Some anti-drinking advertising campaigns may backfire by inadvertently glamorising the habit, say researchers.
The study, led by the University of Bath, said focusing on idiotic behaviour carried out when drunk may be “catastrophically misconceived”.
The researchers warned that young people might see such behaviour as a way to assert their social identity.
Drinking stories also deepened bonds of friendship and cemented membership of a peer group, they said.
Tales of alcohol-related mishaps and escapades were key markers of young peoples’ social identity
Professor Christine Griffin
University of Bath
The Bath team found adverts which show drunken incidents – such as being thrown out of a nightclub, or passing out in a doorway – are often seen by young people as being typical of a “fun” night out, rather than as a cautionary tale.
Whilst these adverts – such as drinks manufacturer Diageo’s “The Choice Is Yours” campaign – imply that being very drunk with friends carries a penalty of social disapproval, for many young people the opposite is often the case.
Lead researcher Professor Christine Griffin said: “Extreme inebriation is often seen as a source of personal esteem and social affirmation amongst young people.
“Our detailed research interviews revealed that tales of alcohol-related mishaps and escapades were key markers of young peoples’ social identity.”
Professor Griffin added that being the subject of an extreme drinking story could raise esteem among a peer group.
Professor Chris Hackley, from Royal Holloway, University of London, also worked on the study.
He said: “Inebriation within the friendship group is often part of a social bonding ritual that is viewed positively and linked with fun, friendship and good times, although some young people can be the target of humiliating or risky activities.
“This suggests that anti-drinking advertising campaigns that target this kind of behaviour may be catastrophically misconceived.”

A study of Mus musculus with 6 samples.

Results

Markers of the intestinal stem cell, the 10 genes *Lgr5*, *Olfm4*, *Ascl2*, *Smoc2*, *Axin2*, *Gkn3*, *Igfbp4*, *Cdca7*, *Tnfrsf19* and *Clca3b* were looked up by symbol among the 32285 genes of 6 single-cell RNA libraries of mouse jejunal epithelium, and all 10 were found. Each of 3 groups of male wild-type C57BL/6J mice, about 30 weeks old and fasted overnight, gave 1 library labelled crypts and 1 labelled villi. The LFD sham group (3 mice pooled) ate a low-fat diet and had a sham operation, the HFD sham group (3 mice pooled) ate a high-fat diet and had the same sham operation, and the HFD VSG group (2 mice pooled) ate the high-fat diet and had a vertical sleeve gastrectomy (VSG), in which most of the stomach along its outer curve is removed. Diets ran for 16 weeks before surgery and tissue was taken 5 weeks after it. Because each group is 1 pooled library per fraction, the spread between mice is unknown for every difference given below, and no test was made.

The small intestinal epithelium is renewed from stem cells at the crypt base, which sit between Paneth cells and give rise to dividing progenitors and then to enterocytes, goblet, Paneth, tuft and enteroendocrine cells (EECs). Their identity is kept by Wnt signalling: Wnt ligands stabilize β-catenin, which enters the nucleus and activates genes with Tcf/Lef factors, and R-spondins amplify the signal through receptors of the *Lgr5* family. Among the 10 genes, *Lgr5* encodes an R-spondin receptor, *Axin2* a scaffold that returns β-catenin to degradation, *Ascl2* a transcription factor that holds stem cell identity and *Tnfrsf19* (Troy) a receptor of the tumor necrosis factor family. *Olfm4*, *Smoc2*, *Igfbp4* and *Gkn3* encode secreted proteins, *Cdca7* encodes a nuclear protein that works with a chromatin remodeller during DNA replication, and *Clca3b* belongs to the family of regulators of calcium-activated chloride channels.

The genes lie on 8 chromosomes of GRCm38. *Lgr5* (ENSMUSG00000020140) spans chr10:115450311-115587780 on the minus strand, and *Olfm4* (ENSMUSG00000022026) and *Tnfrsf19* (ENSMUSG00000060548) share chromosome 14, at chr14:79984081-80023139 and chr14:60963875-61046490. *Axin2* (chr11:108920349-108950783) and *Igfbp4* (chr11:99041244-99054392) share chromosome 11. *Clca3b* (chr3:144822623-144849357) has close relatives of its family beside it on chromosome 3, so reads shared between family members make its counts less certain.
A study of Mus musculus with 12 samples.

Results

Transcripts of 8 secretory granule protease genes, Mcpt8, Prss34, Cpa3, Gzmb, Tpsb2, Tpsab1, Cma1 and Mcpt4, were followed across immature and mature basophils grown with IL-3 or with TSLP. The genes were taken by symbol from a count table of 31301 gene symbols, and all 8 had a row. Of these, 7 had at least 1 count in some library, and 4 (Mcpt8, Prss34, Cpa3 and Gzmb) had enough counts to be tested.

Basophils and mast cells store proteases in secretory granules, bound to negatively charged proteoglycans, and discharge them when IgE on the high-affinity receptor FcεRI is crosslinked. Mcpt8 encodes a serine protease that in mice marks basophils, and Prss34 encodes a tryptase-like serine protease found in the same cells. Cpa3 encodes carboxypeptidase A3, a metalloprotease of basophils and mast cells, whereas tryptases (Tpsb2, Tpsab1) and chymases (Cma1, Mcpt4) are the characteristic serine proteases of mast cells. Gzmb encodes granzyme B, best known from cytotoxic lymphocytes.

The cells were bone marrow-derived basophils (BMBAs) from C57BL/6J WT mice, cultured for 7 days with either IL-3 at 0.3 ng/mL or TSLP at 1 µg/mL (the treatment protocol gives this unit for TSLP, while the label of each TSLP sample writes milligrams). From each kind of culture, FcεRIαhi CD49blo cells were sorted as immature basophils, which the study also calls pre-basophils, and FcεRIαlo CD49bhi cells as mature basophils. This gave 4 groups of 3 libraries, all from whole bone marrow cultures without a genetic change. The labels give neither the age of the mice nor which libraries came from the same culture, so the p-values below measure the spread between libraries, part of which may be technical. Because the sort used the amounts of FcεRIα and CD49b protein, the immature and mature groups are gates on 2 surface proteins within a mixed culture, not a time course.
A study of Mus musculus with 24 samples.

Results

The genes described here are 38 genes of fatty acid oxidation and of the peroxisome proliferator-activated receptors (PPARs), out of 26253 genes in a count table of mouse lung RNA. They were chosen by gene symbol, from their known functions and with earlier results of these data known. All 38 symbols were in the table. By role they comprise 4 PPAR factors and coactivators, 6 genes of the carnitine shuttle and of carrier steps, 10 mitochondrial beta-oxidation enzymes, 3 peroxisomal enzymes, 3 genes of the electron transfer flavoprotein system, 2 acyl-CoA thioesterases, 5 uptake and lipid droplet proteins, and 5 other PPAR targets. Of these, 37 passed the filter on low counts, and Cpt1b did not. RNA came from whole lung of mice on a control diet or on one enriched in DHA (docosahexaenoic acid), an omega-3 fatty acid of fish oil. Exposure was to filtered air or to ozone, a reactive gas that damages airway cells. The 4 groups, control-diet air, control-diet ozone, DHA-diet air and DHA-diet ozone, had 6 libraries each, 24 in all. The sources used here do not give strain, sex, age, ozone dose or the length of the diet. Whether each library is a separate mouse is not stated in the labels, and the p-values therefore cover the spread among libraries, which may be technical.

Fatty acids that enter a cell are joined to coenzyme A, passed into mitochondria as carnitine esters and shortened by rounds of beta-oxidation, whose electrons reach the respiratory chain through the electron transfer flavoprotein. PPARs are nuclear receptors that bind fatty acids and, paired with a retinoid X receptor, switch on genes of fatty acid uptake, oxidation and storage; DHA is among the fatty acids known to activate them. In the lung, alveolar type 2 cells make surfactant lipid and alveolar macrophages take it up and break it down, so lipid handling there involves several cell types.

The research, funded by the Economic & Social Research Council, involved in-depth interviews with 94 young people in three UK regions over a period of three years.
Professor Hackley said: “The study suggests a radical rethinking of national alcohol policy is required which takes into account the social character of alcohol consumption and the identity implications for young people.”
Professor Isabelle Szmigin, from the University of Birmingham, who also worked on the study, said many young people were aware that drinking too much could damage their health.
However, few saw this as more than a short-term problem.
Frank Soodeen, of the charity Alcohol Concern, said: “Binge drinking is often treated as nothing more than a source of amusing anecdotes.
“Research into the area suggests that for young people, messages have to be very hard-hitting to have a chance of working, with more reference to physical safety than lost social prestige.”
Diageo said it had carried out extensive research to ensure its campaign would resonate strongly with young people, and was confident they would have a positive effect.
“Our research showed that young adults were much more likely to consider drinking responsibly if they believed that by drinking excessively they would be in danger of losing their social credibility and standing – precisely the message our campaigns convey.”